Vineeta Bonthala is entering her second decade as vice president and senior counsel at BMO Harris Bank. If it were up to her parents, she would have followed them into the medical profession. “Both were doctors,” says the Toledo, Ohio, native, “and I started in premed, as good Indian children do. But I really enjoyed my college history classes; I loved the reading, research, and writing. And much to my parents’ dismay (but ultimately their support), I got off the premed track.”
When Bonthala graduated, she announced her plan to move to New York, where she “stumbled upon a great position” as a paralegal in a small firm, Richards Spears Kibbe & Orbe (now part of Crowell & Moring). The position focused on fast-paced distressed debt transactions, and her career path was set.
“I did a lot more substantive legal work than I might have otherwise at a larger firm,” she says. “I was in the loop with distressed debt transactions and worked hand in hand with clients and senior partners. It motivated me to go to law school to become a transactional lawyer because I loved the adrenaline. I was doing small, fast-moving transactions with few documents. Some days, I was closing twenty-five transactions. It was awesome.”
Upon graduating from the University of Michigan Law School, Bonthala and her future husband returned to New York, where she gained experience as a general corporate attorney at Kelley Drye & Warren. But the Midwest beckoned, and the couple opted to settle in Chicago. She spent four years at Winston & Strawn, where she continued her work in general corporate work.
A new position at BMO Harris Bank offered her the opportunity to become an in-house counsel. “I was interested in seeing client work from the inside,” she says. “I have been there for ten years; it seems like yesterday [that I started here].”
Bonthala’s primary role is helping manage and facilitate board meetings for the Bank of Montreal’s US holding company and its banking entity. That involves everything from drafting the agenda and the governance documents to making sure participants are scheduled and present at the meetings and that the technology is functioning. She also takes minutes on the meetings that serve as a resource for the company directors and executives.
“We do everything you can imagine,” she says, “the nitty-gritty. It’s legal as well as events planning. Most people have no idea how much work goes into running board meetings. There is a lot of substantive and organizational work that goes unseen.”
And it provides the adrenaline she still loves. One of the secrets to her success is her ability to remain calm while making sure the meetings run smoothly and productively. She attributes this to her experience as an athlete.
“Through college, I played basketball and field hockey,” Bonthala says. “Competing in neck-to-neck competition, being a leader on the court and field, I learned how to stay calm under pressure. I would say my paralegal and transactional attorney experiences reinforced that as well. You had to be there for the client, get your work done, and keep those around you calm.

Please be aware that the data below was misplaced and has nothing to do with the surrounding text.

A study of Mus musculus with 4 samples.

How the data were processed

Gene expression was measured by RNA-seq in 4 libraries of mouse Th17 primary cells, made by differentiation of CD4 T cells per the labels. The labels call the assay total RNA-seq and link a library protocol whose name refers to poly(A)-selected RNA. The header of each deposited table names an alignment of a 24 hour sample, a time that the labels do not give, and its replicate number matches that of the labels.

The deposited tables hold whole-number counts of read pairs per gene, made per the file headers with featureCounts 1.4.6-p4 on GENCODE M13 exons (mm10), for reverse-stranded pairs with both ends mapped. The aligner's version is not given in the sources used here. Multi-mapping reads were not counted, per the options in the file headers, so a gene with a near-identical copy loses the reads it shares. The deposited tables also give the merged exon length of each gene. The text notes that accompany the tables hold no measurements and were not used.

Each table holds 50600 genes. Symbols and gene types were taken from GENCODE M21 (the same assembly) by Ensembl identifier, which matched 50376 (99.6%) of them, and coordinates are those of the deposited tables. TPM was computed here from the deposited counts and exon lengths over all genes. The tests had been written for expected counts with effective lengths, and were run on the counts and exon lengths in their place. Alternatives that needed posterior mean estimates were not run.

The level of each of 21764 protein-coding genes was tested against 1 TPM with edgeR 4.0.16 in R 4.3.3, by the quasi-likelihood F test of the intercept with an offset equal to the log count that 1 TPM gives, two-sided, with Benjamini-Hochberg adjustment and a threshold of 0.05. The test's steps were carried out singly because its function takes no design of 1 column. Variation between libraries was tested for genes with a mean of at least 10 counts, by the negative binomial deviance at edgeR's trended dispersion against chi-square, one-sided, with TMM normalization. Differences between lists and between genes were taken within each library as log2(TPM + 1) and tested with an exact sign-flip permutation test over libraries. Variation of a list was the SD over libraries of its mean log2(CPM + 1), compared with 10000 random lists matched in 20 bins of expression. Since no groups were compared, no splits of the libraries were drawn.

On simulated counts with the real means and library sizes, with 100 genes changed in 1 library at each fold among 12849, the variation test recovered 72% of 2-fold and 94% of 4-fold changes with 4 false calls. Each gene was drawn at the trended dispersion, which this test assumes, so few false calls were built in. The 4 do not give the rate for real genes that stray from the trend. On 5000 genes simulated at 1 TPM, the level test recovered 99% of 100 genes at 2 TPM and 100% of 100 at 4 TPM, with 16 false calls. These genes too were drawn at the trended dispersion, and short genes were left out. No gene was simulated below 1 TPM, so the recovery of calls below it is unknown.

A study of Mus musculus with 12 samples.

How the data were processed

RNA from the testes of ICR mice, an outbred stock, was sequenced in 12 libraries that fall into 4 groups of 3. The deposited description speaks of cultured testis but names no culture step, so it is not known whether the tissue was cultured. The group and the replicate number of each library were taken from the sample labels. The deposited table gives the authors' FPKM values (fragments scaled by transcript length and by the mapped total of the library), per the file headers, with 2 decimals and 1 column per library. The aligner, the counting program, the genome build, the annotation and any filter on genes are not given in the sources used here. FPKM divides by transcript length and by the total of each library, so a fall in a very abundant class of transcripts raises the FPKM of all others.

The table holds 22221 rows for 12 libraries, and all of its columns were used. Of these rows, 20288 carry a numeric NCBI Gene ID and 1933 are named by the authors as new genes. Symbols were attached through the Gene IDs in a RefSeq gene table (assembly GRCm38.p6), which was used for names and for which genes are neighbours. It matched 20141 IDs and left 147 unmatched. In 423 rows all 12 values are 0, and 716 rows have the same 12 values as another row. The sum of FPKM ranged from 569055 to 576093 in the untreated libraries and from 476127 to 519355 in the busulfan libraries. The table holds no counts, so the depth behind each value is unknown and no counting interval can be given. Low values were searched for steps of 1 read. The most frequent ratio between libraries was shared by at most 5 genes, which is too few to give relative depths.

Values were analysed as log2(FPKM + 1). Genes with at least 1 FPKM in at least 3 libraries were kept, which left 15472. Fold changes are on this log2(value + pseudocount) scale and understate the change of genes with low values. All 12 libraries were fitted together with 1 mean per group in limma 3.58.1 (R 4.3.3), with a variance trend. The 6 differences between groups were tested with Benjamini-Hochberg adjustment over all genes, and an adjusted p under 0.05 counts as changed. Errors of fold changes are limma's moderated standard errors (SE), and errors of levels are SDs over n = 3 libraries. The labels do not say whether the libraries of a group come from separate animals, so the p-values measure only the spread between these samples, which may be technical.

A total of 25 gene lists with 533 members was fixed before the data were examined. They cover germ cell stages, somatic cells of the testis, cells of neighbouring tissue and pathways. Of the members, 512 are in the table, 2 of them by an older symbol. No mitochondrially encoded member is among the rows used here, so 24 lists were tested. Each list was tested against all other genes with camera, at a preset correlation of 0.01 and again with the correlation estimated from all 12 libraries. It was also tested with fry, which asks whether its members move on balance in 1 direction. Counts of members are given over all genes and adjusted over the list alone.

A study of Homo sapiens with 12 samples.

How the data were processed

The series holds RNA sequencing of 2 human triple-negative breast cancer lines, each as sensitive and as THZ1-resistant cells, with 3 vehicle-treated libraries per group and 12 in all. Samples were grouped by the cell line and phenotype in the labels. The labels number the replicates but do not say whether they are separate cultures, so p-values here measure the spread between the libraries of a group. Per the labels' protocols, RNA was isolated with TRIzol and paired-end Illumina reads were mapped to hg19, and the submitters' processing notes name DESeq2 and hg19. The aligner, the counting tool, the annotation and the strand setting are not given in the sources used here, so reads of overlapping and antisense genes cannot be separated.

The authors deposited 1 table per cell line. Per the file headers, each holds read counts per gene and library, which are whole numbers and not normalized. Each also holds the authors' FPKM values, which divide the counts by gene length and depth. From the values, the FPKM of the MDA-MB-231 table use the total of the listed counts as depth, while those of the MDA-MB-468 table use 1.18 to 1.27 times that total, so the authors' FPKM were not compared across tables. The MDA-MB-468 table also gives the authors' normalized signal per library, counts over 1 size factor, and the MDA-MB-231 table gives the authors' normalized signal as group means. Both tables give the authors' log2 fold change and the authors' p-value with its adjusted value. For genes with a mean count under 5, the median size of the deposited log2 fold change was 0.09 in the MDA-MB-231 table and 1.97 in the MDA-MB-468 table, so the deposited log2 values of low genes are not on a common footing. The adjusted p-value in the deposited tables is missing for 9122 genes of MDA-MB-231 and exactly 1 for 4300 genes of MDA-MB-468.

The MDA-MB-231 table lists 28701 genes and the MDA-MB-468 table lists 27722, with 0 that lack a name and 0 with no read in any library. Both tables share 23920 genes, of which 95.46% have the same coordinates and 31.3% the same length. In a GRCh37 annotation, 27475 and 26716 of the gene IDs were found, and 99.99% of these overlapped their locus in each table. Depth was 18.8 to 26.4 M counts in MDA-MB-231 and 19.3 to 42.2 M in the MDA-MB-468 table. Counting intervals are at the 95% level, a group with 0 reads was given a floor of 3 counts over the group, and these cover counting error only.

“What I really enjoy,” she continues, “is the top-down view of the organization. We get the benefit of seeing how the executives and the board look at the entity. We touch on everything in the meetings, which to me is invaluable. I love working with our executives and board members, and I learn from all of them.”
Bonthala is the right-hand woman to her manager, who leads a team of five. She serves as a resource to others on the team, who look to her for direction regarding work issues. She describes her leadership style as holistic. “It’s important to be a leader to the whole person, professional and personal,” she explains. “I always remember that everyone has their own challenges and struggles that may not be evident.”
She considers herself lucky to have had a lot of “great mentors,” starting with her parents. “They were immigrants from India and have always been selfless and worked hard. They always taught us the importance of working hard but also prioritizing family.” Since Bonthala’s mother passed away in the spring of 2021, “I’ve reflected on the unspoken leadership that she provided for us,” she says.
On the home front, Bonthala has been married for sixteen years. The couple has three active boys, aged twelve, ten, and six, as well as what she calls a “pandemic puppy.” “It’s about as chaotic as you can imagine,” she says with a laugh.
Bonthala enters her second decade at BMO Harris filled with anticipation. “BMO Harris is such a great cornerstone of Chicago, and there are exciting times ahead, including our new tower going up in the West Loop. The company already has such great initiatives in place for sustainability and community development. I look forward to being a part of all those initiatives and developing my skills.”
And of course, keeping that adrenaline flowing.
An Active Giver
“Several loved ones have dealt with cancer,” Vineeta Bonthala says of her decision to run several half marathons on behalf of the American Cancer Society. “Most significantly, my nine-year-old nephew, who was diagnosed with leukemia when he was two. The organization has been very meaningful to me, and I wanted to give back.”
Another way Bonthala gives back is volunteering with Apna Ghar, an organization that provides support for survivors of gender-based violence. “They have the ability to provide assistance in more than thirty languages,” she says. “It hits home with me; I worked on the rape and sexual assault hotline in college and was a women’s studies major.”